She ran away from home at fifteen. Now she is nineteen and is nine months pregnant with her third child. Her first two children are already dead: a son died at the age of eight months, and a daughter at twenty-one months.
Her name is Shamima Begum, and she now says she wants to come home, because she doesn’t want her third child to die in the same way as the first two did.
But there’s a problem: Shamima left her home in Bethnal Green in east London to join the Islamic State group in Syria. She says she doesn’t regret her original decision but now she has had enough. She is, in tabloid-speak, a ‘jihadi bride.’
In a remarkable interview with Anthony Loyd of The Times, who found her in a Syrian refugee camp, she said: “I know what everyone at home thinks of me, as I have read all that was written about me online. But I just want to come home to have my child. That’s all I want right now. I’ll do anything required just to be able to come home and live quietly with my child.”
(If you haven’t already done so, listen to a recording of the interview here. I think you’ll be struck by how much like an ordinary London teenager she sounds.)
So suppose you had to make the decision. Would you allow her back to the UK? Or would you, like our wannabe next prime minister Sajid Javid, tell her: ‘If you have supported terrorist organisations abroad, I will not hesitate to prevent your return.’
Sure, it sounds straightforward enough. Even at fifteen, Shamima Begum knew perfectly well what IS was and what it did – but did she have the maturity to understand the consequences of her decision to run away? Actions taken by children, even teenage children, are usually treated differently from those taken by adults. That, after all, is why the judicial system handles children differently from adults.
And let’s remind ourselves what the official police position was when she and her two schoolfriends ran off to Syria. In March 2015, the then head of counter-terrorism for the Metropolitan Police, Mark Rowley, said: “We have no evidence in this case that these three girls are responsible for any terrorist offences. They have no reason to fear, if nothing else comes to light, that we will be treating them as terrorists.”
His view now is that Shamima Begum should expect to be thoroughly investigated and, if the evidence suggests she has committed crimes, prosecuted as an adult, if she ever manages to find her way back to the UK. Which surely is just as it should be.
We know nothing, of course, of what she and her friends have been up to during their time in Syria. I’m sure UK intelligence officials would love an opportunity to talk to her to find out exactly what she did and what she knows. Yes, she joined a terrorist group, but does that automatically make her a terrorist?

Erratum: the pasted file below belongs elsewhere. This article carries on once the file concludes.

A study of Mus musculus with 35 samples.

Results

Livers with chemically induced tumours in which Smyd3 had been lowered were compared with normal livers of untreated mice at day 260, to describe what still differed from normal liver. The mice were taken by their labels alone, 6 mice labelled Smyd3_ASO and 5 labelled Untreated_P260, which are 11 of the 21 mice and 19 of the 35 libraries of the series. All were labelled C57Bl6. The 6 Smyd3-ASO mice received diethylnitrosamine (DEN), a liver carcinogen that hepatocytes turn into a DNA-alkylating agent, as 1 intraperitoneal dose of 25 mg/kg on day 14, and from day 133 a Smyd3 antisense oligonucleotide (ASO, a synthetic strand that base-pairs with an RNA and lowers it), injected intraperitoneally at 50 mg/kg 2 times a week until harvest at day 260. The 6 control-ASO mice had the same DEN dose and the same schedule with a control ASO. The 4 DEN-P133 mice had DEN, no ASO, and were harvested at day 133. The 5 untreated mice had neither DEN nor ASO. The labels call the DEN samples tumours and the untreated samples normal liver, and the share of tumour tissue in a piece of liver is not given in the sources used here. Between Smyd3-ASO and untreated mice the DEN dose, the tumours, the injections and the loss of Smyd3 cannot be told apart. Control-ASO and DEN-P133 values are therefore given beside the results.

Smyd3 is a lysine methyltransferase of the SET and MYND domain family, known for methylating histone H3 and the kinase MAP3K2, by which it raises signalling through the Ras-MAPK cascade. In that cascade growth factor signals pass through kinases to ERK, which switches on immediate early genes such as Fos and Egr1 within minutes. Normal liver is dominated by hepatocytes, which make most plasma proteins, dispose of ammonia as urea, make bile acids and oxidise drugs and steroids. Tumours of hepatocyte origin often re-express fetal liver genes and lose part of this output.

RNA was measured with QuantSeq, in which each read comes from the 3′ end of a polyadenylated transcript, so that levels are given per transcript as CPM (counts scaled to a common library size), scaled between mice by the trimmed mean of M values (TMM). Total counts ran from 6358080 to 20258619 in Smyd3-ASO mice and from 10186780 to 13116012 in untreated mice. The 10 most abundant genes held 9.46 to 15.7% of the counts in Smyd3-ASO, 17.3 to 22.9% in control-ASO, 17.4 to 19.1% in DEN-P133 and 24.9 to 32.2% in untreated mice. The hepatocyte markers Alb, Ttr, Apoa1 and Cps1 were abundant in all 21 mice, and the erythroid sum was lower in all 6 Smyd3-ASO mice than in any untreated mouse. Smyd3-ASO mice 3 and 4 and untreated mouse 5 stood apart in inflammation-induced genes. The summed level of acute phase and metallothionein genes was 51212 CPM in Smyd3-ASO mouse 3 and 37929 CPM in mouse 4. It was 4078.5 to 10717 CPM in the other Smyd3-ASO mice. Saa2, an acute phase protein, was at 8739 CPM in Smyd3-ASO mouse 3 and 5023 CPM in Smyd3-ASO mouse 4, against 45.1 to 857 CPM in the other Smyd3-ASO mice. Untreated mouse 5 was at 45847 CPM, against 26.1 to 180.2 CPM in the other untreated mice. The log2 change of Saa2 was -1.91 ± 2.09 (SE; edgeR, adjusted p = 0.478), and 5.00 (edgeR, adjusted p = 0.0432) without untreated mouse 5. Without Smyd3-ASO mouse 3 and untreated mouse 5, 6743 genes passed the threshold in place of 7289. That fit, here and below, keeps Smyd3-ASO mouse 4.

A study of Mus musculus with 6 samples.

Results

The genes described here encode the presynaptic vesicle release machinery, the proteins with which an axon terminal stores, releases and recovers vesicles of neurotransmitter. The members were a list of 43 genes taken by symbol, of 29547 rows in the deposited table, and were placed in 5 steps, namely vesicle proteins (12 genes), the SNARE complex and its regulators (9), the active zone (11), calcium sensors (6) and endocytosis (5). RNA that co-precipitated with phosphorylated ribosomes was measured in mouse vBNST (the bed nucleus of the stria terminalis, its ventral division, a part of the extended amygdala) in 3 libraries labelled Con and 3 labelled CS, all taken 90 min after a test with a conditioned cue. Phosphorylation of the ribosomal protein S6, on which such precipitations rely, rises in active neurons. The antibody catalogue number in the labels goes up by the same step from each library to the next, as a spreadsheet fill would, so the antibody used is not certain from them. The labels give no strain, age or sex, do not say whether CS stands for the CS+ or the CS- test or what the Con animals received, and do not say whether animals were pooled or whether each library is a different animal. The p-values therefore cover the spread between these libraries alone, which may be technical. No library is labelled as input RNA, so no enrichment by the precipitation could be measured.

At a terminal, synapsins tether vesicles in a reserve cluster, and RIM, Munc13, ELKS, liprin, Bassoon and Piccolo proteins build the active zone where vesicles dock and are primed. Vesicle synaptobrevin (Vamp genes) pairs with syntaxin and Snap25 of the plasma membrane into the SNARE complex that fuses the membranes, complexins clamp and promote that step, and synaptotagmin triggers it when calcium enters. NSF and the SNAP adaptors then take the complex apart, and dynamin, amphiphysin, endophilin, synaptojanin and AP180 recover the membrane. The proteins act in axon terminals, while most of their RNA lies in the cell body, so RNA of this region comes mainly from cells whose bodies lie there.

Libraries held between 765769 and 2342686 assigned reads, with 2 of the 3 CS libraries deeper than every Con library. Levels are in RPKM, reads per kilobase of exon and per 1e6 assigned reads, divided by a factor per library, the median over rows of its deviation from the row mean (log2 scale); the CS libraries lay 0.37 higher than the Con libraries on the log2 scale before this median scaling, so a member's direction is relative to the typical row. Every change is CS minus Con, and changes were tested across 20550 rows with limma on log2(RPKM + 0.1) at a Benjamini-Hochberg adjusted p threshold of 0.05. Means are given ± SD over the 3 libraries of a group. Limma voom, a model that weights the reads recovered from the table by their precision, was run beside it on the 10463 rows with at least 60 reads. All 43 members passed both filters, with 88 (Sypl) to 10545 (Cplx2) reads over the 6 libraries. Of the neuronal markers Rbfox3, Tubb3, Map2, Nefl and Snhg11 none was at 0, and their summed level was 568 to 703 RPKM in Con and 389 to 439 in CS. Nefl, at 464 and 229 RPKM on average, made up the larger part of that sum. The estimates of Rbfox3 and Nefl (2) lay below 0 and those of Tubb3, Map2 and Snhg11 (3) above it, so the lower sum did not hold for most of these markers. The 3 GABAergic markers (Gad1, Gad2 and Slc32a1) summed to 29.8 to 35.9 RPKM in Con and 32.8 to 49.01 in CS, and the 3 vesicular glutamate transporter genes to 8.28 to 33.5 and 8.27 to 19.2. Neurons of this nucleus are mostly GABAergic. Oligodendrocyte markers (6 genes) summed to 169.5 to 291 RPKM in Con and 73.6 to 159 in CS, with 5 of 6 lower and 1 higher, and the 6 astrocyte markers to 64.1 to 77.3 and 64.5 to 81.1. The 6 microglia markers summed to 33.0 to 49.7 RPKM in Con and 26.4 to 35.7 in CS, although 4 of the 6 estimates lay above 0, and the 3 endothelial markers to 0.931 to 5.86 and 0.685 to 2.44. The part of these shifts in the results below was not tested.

Or does it make her a victim of grooming? And if she is a victim, given that she is a British citizen, does the UK government not have a duty of care, a responsibility to do what it can to remove her from danger and arrange for the help that she will certainly need?
Here’s what I would do, and I make no apology for being in what I suspect is a rather small minority of people who prefer compassion to condemnation when it comes to mistakes made by vulnerable teenagers.
First, British officials should make contact with the mainly-Kurdish Syrian Democratic Forces (SDF) who have been battling IS in its last redoubt. If, as may well be the case, there are British special forces on the ground, it shouldn’t be too difficult for them to find a frightened pregnant nineteen-year-old from Bethnal Green in a refugee camp.
Second, if she confirms that she does indeed want to come back to the UK – presumably after the imminent birth of her child – arrangements could be made. On arrival, she would be transferred into the custody of the police while her baby is placed in the care of her family or social services.
Police, security officials and social workers would then question her intensively to ascertain the degree to which she is still a vulnerable young person, quite possibly suffering severe trauma after spending four years in a war zone, and whether she was responsible for, or participated in, any criminal acts while she was there. (It is, of course, perfectly possible that she is both.)
But let us also consider the words of Richard Barrett, former director of global counter-terrorism at MI6, who presumably knows a thing or two about how to protect the UK against terrorist threats. Writing about British nationals who decided to join IS, he wrote: “Like it or not, these individuals were products of our society, and it would make sense to take a good, hard look at why they turned their backs on it in such dramatic fashion. This can help us find ways to build the social cohesion that we increasingly need in the face of growing nativism and intolerance.”
Much has been made of Shamima Begum’s statement to The Times: “I have no regrets.” But I’d suggest that equal attention is paid to what else she said. “The caliphate is over. There was so much oppression and corruption that I don’t think they deserved victory… I’ll do anything required just to be able to come home and live quietly with my child.”
To me, they sound like the words of a frightened, exhausted young woman, not the words of a dangerous terrorist sympathiser. She made a terrible mistake and will have to live with the consequences. But unless we discover that she was responsible for some ghastly IS atrocities, she surely deserves a chance to try to build a better life than the one she had in Syria.